As the third-generation owner of a drinks distributor and director of the biggest business group of wholesale liquor retailers in Japan, not to mention the International Wine Challenge’s sake chair, Kenichi Ohashi MW is an expert on all things fermented and brewed. We ask him about sake’s domestic diversification and how education will help communicate its heritage to the masses.
How great was the influence of family in determining your career path into the drinks industry?
Since I was 2-3 years old, I was told that I would inherit my father’s company, a liquor distribution company, so my family's influence on my career was almost 100%.
I was once interested in being an archaeologist who would excavate ancient sites, or a zoologist who would study the ecology of animals from places like Africa, but I never truly considered having a career outside the drinks industry.
Tell us about the diversification you have witnessed in Japan’s domestic sake industry. Has increasing international interest played a role?
When I got into the industry, there existed standardised sake labelling and a classification system which was aimed at collecting liquor tax. According to the classification, it was easy for consumers to believe that Premium sake is better than First class sake and the same First class sake is better than Second class sake. But this classification was later abolished. Moreover, at that time the concepts of Junmai and Ginjo were not considered as important as they are today. It is clear that the sake industry has changed drastically over the past 20 years.
Sake has begun to boom gradually worldwide, but only exports 2% of its whole production, so I don’t think it is the international interest that has been the main influencer on diversification. I believe the diversification came from the generation change within sake breweries and all the efforts that sake brewers have made in order to increase domestic demand. However, the Japanese are sensitive to foreign markets, so international demand will likely have a bigger influence in the future.
Education is expected to improve the industry as a whole, thus further spreading the message of harmony, ‘Wa’ of sake.
To what would you attribute the rise in sake’s popularity around the world?
The diffusion of Japanese cuisine, ‘Washoku’, which is designated as an UNESCO Intangible Cultural Heritage, has actually played a leading role and led to a rise in the number of Japanese restaurants in the world’s largest cities. Thus, it can be assumed that consumers went to these Japanese restaurants and were intrigued by this kind of delicious alcoholic beverage, sake.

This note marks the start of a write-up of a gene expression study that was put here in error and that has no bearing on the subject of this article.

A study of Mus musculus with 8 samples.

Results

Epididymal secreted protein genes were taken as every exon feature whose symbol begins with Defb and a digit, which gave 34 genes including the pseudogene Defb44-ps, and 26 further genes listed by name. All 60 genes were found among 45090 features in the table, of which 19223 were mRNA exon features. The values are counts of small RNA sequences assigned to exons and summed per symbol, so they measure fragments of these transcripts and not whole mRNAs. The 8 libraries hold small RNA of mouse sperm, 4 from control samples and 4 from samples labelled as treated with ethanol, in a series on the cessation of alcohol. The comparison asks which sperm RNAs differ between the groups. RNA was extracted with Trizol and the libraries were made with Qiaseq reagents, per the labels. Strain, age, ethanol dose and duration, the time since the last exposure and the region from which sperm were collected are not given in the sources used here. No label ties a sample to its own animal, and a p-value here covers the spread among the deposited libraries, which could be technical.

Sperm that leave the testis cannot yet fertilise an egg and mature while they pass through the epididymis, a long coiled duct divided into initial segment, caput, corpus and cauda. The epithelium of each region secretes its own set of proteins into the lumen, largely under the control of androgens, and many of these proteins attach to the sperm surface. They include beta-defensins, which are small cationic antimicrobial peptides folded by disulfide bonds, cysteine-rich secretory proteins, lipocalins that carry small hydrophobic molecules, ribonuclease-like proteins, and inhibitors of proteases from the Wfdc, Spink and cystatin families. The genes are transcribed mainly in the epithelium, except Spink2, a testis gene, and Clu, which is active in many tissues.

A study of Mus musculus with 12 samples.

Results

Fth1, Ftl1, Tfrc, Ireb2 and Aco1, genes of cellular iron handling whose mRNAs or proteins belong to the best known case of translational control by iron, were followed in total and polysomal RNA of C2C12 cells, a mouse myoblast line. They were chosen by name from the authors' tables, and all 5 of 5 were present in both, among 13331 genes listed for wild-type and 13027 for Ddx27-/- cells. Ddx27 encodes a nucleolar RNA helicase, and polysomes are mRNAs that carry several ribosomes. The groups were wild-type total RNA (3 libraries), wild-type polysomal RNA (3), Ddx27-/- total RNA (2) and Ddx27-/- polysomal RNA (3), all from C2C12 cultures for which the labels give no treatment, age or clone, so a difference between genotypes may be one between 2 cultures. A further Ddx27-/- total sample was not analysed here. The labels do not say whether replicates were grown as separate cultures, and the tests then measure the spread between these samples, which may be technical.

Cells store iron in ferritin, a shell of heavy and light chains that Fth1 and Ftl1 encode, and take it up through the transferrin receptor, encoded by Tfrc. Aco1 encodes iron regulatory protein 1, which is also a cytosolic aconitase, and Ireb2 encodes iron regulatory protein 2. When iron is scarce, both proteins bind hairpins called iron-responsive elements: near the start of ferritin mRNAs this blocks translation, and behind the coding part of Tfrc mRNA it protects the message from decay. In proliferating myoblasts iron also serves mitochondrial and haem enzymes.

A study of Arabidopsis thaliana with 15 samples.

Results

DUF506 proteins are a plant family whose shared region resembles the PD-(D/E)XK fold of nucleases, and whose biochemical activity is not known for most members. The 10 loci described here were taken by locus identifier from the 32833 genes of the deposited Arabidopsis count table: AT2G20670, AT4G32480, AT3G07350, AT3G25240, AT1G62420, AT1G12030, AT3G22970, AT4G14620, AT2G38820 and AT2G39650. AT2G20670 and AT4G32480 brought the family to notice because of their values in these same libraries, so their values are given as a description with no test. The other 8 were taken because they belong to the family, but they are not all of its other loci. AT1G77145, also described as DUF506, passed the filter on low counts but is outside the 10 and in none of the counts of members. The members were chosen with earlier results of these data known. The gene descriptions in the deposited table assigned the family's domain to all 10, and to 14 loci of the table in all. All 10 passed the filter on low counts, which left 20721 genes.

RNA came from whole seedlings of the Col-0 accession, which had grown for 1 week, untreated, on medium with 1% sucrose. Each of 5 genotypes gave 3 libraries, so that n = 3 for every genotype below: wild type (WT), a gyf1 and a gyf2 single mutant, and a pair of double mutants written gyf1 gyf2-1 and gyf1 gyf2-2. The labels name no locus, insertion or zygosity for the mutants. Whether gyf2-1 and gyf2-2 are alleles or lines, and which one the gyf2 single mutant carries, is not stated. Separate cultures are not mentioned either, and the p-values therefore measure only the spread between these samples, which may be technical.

As sake consumption gains momentum globally, how important are industry influencers like yourself in spreading the word?
To be honest, I am aware that many people around the world have expectations of me to spread the message of sake. It is due to the position in which I am placed rather than my ability - that I am a Master of Wine from Japan, the birthplace of sake. Probably for many people around the world, it is easier to explain sake in a worldwide common language such as wine. When the market becomes more mature, I hope to have the opportunity to present sake from the unique viewpoint of the Japanese, a viewpoint that has developed throughout the history of Japan.
As a sake educator, what role does education play in growing the category internationally?
Education makes it possible to deeply develop appreciation for sake. From the multi-dimensional perspective of education, it is possible to make consumers aware of all the interesting aspects of sake and even encourage them to take up sake tasting as a hobby. In this sense, education plays a very important role. Also, let’s not forget the career opportunities for educators who can profit from teaching about sake. As a result, education is expected to improve the industry as a whole, thus further spreading the message of harmony, ‘Wa’ of sake.
What makes the Japanese drinks industry unique and what advice would you offer to exporters looking to sell to the Japanese market?
What makes the Japanese market unique is that it has been developed only by Japanese people throughout its history. Even when I started my career after graduating from school, many Japanese people had rarely had communication with foreigners. I believe that such an environment led to the formation of this unique market.
I think it is important for exporters to know what strengths their products will have within the Japanese market, and vice versa. In other words, knowing the Japanese market well is necessary for implementing marketing in Japan.